By Julie Baughman, firstname.lastname@example.org
9:54 AM EST, February 11, 2013
Paper hearts hung from the ceiling, red, white and black balloons arched over the DJ booth and guests anxiously shushed each other.
No one wanted to spoil the surprise.
While Betty Collins won't actually turn 70 until Feb. 14, the family of the Arbutus resident thought the occasion deserved a special surprise birthday party on Feb. 9 at the Arbutus Town Hall.
"You never forget her birthday because it's on Valentine's Day," said Collins' daughter, Susan Appleton. "And it's perfect because it's all about love."
Appleton, who drove all the way from Virginia Beach to be with her mom for her birthday party, is the second oldest of Collins' six children. Her siblings came from Annapolis to Florida to celebrate with their mother. Collins' 22 grandchildren and three great-grandchildren were also in attendance.
Collins wiped tears from her eyes when she saw all her children together for the first time since her husband's funeral almost six years ago.
"It's a big deal for all of us to be here," Appleton said."It's the first time we've been together since my dad died."
A bouquet of roses celebrated the growing family. There were six white roses representing each of her children, 22 yellow roses for her grandchildren and four pink roses for the three great-grandchildren and another on the way.
"To put them all in one place, it's just simply wonderful," Collins said.
Collins' only brother, 68-year-old Walter Gover, and his wife, Mary Gover, traveled from Lewes, Del., for Saturday's party.
Walter Gover said it was a special occasion that his sister was soon to turn 70 and because her birthday falls on Valentine's Day.
"It means a lot," Gover said of the party. "Especially when you get older, that's what you've got, you've got memories. Those last forever."
"She's always enjoyed that it's one of those things you can say is a little bit different than anybody else," Gover continued about celebrating Collins' birthday and Valentine's Day on the same day.
Collins said she would always receive two presents, one for her birthday and one for Valentine's Day. and always liked being able to enjoy both at once.
"Well, I always felt it was special because it was on Valentine's Day," Collins said.
Asked how she felt upon entering the party, Collins said she felt shocked.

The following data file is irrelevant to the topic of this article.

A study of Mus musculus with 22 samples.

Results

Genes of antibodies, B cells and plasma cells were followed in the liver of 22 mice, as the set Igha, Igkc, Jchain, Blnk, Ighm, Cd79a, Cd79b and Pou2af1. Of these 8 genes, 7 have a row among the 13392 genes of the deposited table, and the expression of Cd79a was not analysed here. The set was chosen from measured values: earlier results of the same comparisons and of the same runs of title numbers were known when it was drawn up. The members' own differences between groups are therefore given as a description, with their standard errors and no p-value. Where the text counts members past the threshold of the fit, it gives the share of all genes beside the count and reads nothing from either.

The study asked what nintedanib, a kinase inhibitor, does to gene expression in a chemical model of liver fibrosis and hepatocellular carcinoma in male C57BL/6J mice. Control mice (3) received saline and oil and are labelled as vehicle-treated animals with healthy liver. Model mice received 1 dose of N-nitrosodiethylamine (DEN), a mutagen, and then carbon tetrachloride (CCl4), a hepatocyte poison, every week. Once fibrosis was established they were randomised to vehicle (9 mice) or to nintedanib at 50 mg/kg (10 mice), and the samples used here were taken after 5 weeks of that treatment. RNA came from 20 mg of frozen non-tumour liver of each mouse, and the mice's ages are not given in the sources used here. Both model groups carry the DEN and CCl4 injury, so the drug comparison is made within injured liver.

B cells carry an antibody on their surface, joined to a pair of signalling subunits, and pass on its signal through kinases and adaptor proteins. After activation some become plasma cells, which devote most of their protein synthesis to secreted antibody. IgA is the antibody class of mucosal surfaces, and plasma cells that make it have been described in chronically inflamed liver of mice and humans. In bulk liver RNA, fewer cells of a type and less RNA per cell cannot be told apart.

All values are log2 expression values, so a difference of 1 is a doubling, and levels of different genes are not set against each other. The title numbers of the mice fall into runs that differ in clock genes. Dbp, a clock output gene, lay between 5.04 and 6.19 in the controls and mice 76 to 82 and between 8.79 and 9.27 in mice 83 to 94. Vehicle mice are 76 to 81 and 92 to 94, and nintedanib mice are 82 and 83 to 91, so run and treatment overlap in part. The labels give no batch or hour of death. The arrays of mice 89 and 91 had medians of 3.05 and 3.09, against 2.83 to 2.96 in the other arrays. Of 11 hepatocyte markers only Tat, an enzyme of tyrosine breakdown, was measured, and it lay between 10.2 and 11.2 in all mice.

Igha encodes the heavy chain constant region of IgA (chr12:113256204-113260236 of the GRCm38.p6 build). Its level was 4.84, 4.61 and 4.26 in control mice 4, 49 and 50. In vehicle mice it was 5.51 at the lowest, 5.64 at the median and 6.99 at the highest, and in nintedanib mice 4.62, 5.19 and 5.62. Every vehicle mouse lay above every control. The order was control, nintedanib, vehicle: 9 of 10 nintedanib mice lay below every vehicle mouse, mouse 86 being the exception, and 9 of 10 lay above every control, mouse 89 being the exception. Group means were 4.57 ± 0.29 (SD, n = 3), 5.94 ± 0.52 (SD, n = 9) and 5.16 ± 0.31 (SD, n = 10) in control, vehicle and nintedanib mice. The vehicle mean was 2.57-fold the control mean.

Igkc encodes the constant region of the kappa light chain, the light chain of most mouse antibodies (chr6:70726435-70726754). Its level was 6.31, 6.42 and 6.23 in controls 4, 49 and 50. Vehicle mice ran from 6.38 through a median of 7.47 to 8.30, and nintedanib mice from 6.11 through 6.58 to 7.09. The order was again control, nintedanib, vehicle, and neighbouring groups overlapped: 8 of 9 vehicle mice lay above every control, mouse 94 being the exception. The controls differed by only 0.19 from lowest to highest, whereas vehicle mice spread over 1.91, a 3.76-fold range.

"I'm like shaking inside," she said. "It's just, you know, so exciting to see them all together."
Her children have been planning the party since July 2012.
Making the occasion extra special was the presence of friends and former colleagues at the party as well family members.
Collins used to work as the assistant director for the Southwest Senior Center on South Calhoun Street in Baltimore and now works for Action in Maturity, another senior center in the city on Roland Avenue.
Baltimore City resident Elizabeth Townsend, who also goes by Betty, is Collins' former boss at the Southwest Senior Center.
She wiped tears from her eyes as she recalled fond memories with her former colleague.
Townsend said people used to call her "Big Betty" and Collins "Little Betty" and that every year for her birthday, as close to Valentine's Day as possible, she would invite Collins to her house and cook her favorite meal.
"The tradition was, she would come to my house and invite a couple of friends and I would fix her spaghetti," Townsend recalled.
As Collins looked around the room after sitting down to eat her dinner, she could not stop exclaiming about how excited she was to see so many different people from so many different parts of her life in one place.
She talked of her colleagues from both the Southwest Senior Center and Action in Maturity, her family, the friends she plays cards with and fellow members from Ravens Roost 15.
"It's wonderful to have family and also to see all of my associates and friends together," Collins said.
"I am like stunned. I'm stunned. I really am."